Thor asked for our help to make a New Hammer and I wouldn’t be surprised if he comes back from the forge with 3…
So as some of you may know, Thor of Asgard has been in the market for a new weapon ever since his big sis, Hela, destroyed his beloved Mjölnir. We all saw the destruction of his hammer from the historical Thor: Ragnarok footage, but imagine our surprise when Thor himself showed up at our Tech Center in Germantown, Wisconsin and inquired about a redesign of his previous weapon. Obviously we were so excited to help the strongest Avenger that we provided some consulting free of charge.
During our standard discovery meeting and document assessment, we were able to uncover some interesting information which would aid us in proceeding forward.
- Mjölnir is too heavy. This was a shocker, because Thor is… well really really strong? He told us that he wields the weapon because, “You can’t forge a weapon from a star everyday, and it was a gift from Dad. But truth be told, it was a beast to carry around all the time.”
- Hela did not break the hammer with strength or magic. She vibrated the hammer until exciting a natural frequency. Silly really, that a device with such strength is still susceptible to vibration issues. But, that is science, everything is vulnerable at their natural frequency.
- Now even though Thor told us that Mjölnir was too heavy, he then shared that he had been toying with the idea of wielding 2 hammers, but not at the existing weight of course. From his time in the gladiator arena, he was able to watch countless Spartacus videos and thought, “What would be more menacing than 2 swords… 2 hammers.”
After reverse modeling the hammer in SOLIDWORKS, we decided it was best to conduct some FEA and Optimization of the Head using Abaqus and Tosca. Thor is very familiar with the feel of the handle, so there was little need in making any modifications there. First we were able to identify the natural frequencies that we believe Hela triggered to ease the hammer into self-destruction. Per our NDA with Thor, we will not expose the actual frequency values, but he is fine with us revealing the mode shapes. Using Abaqus we conducted a Frequency analysis to solve for the first 5 eigenvalues along with their respective mode shapes.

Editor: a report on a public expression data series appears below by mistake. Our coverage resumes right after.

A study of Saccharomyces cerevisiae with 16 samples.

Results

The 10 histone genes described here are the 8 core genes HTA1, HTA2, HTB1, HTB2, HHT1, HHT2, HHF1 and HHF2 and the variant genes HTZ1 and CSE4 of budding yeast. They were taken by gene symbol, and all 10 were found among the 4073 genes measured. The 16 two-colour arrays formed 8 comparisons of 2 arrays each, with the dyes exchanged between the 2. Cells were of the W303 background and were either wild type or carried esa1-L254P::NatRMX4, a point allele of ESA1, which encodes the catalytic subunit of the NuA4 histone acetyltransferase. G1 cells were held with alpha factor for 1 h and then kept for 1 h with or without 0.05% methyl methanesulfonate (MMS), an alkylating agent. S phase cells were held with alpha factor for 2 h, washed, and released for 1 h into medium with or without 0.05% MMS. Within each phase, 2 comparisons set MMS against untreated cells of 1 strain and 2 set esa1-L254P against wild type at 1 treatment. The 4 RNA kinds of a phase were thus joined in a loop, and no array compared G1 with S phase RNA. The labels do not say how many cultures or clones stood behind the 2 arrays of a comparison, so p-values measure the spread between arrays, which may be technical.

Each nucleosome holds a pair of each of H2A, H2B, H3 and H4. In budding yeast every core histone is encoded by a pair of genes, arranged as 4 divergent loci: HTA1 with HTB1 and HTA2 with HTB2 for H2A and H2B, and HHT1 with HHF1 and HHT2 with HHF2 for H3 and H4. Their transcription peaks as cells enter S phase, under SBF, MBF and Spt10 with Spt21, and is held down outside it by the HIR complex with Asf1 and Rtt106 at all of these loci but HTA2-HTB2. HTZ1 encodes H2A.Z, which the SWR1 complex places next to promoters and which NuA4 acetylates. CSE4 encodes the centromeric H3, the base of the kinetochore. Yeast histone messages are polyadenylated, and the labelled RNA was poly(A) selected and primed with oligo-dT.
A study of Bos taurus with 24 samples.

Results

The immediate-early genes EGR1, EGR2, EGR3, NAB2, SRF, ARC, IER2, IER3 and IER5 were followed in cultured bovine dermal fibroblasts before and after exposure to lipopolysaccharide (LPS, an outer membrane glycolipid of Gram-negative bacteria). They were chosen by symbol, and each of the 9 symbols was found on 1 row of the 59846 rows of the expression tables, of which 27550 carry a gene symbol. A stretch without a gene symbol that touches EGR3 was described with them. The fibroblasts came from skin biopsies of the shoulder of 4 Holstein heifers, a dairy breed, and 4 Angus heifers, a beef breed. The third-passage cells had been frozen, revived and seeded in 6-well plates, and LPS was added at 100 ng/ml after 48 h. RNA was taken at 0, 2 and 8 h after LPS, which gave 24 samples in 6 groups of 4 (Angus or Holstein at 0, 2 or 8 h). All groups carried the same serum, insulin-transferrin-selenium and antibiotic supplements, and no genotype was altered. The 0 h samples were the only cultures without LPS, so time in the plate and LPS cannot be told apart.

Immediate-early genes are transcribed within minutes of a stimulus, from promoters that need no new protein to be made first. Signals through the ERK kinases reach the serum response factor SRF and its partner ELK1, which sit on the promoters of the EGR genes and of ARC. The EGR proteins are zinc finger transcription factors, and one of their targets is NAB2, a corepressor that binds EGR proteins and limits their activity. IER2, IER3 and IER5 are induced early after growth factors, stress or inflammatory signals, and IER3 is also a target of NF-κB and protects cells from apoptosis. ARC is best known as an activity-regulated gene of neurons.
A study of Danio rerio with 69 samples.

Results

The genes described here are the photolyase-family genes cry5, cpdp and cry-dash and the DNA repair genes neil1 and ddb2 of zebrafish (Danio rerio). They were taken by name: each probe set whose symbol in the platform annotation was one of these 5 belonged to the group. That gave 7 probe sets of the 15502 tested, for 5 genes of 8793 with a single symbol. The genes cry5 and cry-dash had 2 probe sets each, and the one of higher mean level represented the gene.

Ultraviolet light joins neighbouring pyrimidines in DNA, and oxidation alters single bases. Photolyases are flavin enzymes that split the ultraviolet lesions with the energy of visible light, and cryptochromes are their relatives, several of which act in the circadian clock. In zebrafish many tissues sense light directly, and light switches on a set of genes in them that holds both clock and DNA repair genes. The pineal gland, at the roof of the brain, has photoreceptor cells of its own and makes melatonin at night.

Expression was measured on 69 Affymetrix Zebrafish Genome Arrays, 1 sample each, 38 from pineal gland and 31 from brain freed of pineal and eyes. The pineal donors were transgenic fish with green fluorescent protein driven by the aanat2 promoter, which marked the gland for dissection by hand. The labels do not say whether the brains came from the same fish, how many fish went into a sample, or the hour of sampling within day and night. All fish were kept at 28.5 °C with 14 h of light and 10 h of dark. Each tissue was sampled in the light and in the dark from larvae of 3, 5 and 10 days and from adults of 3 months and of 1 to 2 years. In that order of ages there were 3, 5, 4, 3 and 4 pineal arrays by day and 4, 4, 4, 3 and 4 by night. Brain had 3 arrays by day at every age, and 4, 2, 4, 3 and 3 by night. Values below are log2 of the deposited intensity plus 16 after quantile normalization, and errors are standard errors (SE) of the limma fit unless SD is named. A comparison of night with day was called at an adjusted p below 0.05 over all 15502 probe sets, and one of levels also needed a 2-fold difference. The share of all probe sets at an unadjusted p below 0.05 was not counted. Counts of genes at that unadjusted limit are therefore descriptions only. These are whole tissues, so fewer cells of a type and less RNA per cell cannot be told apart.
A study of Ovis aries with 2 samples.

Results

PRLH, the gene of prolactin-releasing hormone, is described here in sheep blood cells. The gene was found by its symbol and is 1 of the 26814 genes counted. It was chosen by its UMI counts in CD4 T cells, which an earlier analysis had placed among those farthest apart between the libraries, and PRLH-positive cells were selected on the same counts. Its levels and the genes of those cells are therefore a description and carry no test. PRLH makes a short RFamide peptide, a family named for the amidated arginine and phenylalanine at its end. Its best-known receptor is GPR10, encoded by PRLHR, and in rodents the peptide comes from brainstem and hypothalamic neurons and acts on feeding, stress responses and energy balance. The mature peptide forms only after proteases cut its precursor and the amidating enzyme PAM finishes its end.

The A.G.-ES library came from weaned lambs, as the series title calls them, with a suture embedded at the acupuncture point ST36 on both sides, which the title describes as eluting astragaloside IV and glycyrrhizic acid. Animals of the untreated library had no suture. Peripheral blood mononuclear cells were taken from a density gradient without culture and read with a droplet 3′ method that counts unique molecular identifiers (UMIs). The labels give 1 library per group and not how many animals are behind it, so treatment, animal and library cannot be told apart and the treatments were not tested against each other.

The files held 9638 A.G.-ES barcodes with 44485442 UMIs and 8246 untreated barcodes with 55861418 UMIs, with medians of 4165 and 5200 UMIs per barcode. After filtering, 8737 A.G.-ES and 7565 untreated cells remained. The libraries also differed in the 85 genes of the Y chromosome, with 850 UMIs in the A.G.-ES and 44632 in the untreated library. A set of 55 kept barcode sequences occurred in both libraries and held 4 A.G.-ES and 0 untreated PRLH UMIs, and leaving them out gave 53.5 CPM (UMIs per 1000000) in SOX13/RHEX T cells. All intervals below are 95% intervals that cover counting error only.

As you can see from the visualizations above, when a natural frequency is triggered it can have devastating effects on the geometry of the structure. The material will distort to alleviate the pain of the exciting force until it has found a new resting shape. This phenomenon has been seen time and time again, even with amazing engineering constructions… just google: Tacoma Narrows Bridge Collapse.
We discussed this issue at length with Thor. From a design perspective we don’t really see the current natural frequencies of the hammer as a flaw. What are the odds of someone using a vibration attack against a weapon? But that being said, we strongly recommended that after forging his new weapon, he then apply a 2-3mm layer of Vibranium to absorb any potential future vibration. Princess Shuri from Wakanda was kind enough to offer her services for this task. Thor’s response, “Excellent work Simulation Wizards! After you shed the weight and remove these frequencies from my design, I will forge the new weapon. If there is time I will dip it in the Vibranium… but right now the universe doesn’t have time to spare.”
Solution: Weight Reduction & Frequency Shift
In order to reduce the weight for the new hammer design, we had to take into consideration that Thor very much likes the current design and balance. This will not be a completely unique design, just an optimization of the current. We thought Tosca’s Topology Optimization would be the perfect Simulation Tool for this project. We identified regions of the hammer that should remain the same. The attack faces and cheek should remain the same, leaving us with the necks as areas with removable material.
By applying a rotational symmetry constraint in Tosca, we are able to ensure that the hammer will remain uniformly balanced as material is removed. Basically the software works by taking an existing analysis job from Abaqus on a specific starting volume or design space and conducting a series of design studies to find the best way to remove volume while maximizing stiffness or frequency. In this case, our goal was to remove 80% of material volume while shifting the 1st natural frequency… Thor was really caught up on the Tacoma Narrows Bridge, and didn’t want to experience that problem again.
For our first iteration of design studies, we feel pretty confident that we can remove at least 15% material while shifting the 1st natural frequency by 5%. This design change is fairly subtle.
Thor was very pleased and thought with this weight reduction he could carry 3 hammers. We attempted to explain that 15% was not 150%, but he was so happy and took off with a picture and report of the results on my old laptop.. I am sure he will finish the surfacing and dimensioning in SOLIDWORKS when he gets to his Weapon’s Engineer. We didn’t even have the time to add the symbol back onto his hammer, but we were happy to help.
Just another day of problem solving at GSC!